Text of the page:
As city employees work to restore the property where two parents allegedly beat and killed their son, AJ Freund, the Crystal Lake home’s interior could be a health risk to anyone who enters.
A May inspection of the property at 94 Dole Ave. revealed the presence of black mold in the basement at more than 11 times the “elevated” rate, lab results show. The city has asked to demolish the property rather than spend more than $100,000 to bring it up to code. Several neighbors have expressed interest in buying the property, demolishing it or erecting a memorial park, according to emails obtained through a Freedom of Information request.
In the meantime, the property remains tied up in ongoing foreclosure litigation while the homeowners, JoAnn Cunningham and Andrew Freund Sr., await trial on first-degree murder charges tied to the death of their 5-year-old son.
Photographs of the house’s interior have raised questions about whether the squalid conditions presented an immediate danger to AJ and his younger brother, who now is in the care of the Illinois Department of Children and Family Services.
Last summer, the parents were issued several sanitation condition violations for failure to maintain the property, according to a May court filing in which the city of Crystal Lake sought to inspect the house.
Among the long list of property violations noted at the home were hypodermic needles that had been stuck into a discarded sofa in the backyard, according to the city’s court filing. Inspectors also noted more than 30 used, uncapped, exposed hypodermic needles inside a thin plastic bag in front of the sofa.
On May 23, a McHenry County judge granted an administrative search warrant allowing the city to enter the house to determine its stability and estimate the amount of degradation that had occurred throughout the years. Inside, officials observed water damage in several rooms, mold throughout the house, and elevated levels of black mold in the basement.
“Standing water was detected in the basement,” Healthy Home Mold Inspection employees wrote in an 11-page report. “Multiple areas of visual mold growth was detected on items throughout the basement. Visual growth was also detected on the basement ceiling joints.”
The toxins produced by black mold can suppress a person’s immune system and affect their tissues and bone marrow, according to the South-Carolina-based lab that tested the mold swabs.
Removing the mold would cost about $7,830, the company estimated. Black mold rarely is found outdoors and typically doesn’t become airborne unless it is physically disturbed, according to the report.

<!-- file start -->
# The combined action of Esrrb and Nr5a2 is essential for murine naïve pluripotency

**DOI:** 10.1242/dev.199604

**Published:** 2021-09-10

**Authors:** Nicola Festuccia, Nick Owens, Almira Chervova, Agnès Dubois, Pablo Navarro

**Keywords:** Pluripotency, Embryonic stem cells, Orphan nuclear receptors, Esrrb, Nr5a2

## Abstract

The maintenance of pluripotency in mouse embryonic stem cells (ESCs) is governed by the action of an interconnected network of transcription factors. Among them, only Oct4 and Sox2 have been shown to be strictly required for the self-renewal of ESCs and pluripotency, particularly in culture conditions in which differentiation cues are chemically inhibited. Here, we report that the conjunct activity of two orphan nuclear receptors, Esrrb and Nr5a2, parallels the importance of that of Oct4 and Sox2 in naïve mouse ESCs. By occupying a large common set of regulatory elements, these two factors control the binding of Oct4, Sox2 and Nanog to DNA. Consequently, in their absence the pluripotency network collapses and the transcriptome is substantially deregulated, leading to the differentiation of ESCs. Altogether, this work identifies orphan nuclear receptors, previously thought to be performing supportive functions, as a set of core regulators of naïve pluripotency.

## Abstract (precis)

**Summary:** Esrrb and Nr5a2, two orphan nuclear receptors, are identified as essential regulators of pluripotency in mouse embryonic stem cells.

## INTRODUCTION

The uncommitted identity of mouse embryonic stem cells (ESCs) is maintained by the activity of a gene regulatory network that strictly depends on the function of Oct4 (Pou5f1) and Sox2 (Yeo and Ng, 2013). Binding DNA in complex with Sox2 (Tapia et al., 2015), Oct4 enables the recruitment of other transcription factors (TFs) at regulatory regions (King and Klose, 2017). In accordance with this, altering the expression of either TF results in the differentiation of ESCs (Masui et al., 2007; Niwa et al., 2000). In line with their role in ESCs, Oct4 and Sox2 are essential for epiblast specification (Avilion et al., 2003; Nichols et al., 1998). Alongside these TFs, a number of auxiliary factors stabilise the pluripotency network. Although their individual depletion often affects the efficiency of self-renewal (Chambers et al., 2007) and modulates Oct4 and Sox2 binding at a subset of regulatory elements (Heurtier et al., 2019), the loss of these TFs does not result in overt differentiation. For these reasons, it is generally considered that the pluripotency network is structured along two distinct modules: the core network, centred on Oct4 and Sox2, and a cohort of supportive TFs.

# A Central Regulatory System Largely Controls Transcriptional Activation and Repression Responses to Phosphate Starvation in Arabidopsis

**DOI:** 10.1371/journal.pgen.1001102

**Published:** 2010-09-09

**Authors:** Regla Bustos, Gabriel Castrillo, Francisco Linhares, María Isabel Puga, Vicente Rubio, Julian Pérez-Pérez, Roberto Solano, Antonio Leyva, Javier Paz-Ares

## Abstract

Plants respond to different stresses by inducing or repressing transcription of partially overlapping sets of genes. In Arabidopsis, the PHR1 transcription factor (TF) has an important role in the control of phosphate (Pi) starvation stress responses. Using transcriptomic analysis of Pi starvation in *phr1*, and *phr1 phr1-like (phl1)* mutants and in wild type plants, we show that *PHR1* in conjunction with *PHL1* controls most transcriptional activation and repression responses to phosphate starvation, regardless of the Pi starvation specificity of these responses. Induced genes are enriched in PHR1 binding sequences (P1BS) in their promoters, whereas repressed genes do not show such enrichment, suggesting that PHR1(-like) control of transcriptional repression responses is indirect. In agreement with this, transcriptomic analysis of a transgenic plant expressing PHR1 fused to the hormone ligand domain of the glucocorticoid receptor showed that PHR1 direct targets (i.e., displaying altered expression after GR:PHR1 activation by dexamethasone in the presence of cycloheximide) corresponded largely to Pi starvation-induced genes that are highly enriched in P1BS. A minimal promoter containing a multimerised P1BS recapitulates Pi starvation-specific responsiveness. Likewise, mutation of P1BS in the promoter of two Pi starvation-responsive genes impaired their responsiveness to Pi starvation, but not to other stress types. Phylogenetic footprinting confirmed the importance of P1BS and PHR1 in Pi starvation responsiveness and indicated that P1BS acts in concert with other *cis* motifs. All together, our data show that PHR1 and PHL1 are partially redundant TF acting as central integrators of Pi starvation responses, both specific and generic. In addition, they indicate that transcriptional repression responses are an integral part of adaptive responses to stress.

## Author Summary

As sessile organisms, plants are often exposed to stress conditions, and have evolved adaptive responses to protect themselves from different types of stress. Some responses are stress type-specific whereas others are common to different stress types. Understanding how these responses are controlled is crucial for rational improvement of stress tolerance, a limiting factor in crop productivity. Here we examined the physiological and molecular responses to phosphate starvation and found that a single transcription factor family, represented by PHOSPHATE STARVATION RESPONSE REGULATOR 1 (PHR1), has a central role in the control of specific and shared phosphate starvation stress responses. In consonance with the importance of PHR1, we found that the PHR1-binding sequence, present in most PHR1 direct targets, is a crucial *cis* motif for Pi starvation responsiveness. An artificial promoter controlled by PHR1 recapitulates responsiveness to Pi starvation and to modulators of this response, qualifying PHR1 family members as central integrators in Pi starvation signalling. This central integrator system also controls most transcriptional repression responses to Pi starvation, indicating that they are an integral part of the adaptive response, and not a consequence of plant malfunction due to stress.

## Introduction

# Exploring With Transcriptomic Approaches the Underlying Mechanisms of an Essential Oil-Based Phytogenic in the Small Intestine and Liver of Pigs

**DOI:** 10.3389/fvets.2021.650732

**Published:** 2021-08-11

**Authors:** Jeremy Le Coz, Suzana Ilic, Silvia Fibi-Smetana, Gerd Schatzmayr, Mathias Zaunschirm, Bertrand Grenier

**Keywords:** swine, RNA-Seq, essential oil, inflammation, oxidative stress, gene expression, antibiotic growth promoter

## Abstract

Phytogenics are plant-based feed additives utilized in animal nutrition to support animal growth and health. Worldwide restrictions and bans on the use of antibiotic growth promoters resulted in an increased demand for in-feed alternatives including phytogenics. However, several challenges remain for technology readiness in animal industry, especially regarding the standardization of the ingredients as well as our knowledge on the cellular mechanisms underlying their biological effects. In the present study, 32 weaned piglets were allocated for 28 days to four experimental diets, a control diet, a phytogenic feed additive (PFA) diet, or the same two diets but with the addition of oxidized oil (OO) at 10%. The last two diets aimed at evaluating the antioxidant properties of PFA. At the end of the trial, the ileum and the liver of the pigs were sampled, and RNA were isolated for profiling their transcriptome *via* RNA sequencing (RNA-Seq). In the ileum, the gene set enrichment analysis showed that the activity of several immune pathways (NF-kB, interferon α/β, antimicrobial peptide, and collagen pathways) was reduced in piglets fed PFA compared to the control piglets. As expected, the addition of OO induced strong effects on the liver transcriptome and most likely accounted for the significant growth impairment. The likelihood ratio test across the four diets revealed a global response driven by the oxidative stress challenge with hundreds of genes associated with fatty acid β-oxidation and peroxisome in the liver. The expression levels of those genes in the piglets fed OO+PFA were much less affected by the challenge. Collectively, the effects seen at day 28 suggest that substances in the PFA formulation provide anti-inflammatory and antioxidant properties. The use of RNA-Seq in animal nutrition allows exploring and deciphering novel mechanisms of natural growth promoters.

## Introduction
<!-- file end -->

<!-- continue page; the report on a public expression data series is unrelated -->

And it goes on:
“Based on mold tests and visual inspection it is my professional opinion that a qualified remediation company be contracted to perform mold remediation at the property in question,” according to the mold inspectors’ report. “Anyone in the property needs to wear masks and not touch moldy materials without wearing gloves.”
Neighbors on Sunday said they hadn’t experienced any health problems related to the boarded-up house, which has been vacant since Freund and Cunningham were arrested.
In April, police arrested JoAnn Cunningham and Andrew Freund Sr. in connection with the death of their son, AJ Freund. In that time, the city’s public works department has tended to the property, where weeds, garbage bags and a sedentary car served as public nuisances, according to city code violations against the pair. A lien is placed on the property each time the city performs maintenance, Michelle Rentzch, the city’s community development director, has said.
On July 10, the city of Crystal Lake additionally filed a complaint seeking to demolish the property, bringing its value to about $11,000, according to the complaint. Demolishing the home and ridding of the mold would cost an estimated $17,000; alternatively, it would cost $103,290 to bring the home within city code, according to one Crystal Lake construction company’s estimate.
Necessary repairs would include removing and replacing the roof and gutters, removing padlocks from interior doors, removing and replacing two toilets, and installing a new sump pump, according to the estimate.
The house was boarded up May 2 and on May 16, a cleanup crew removed biohazardous material from the property, including the needles found on the lawn, invoices show.
Attorneys have said no one is allowed inside the home unless authorized while Freund and Cunningham still are the owners.
Mortgage lender Homes Sites LLC initially sought foreclosure of Freund’s property in July 2018. The mortgage and promissory note were sold in May, however, to real estate investor William Progar. Progar’s attorney, Jonathan Kaman, has said he isn’t sure if Progar has plans for the property.
The foreclosure matter is scheduled for an Aug. 8 hearing in McHenry County court.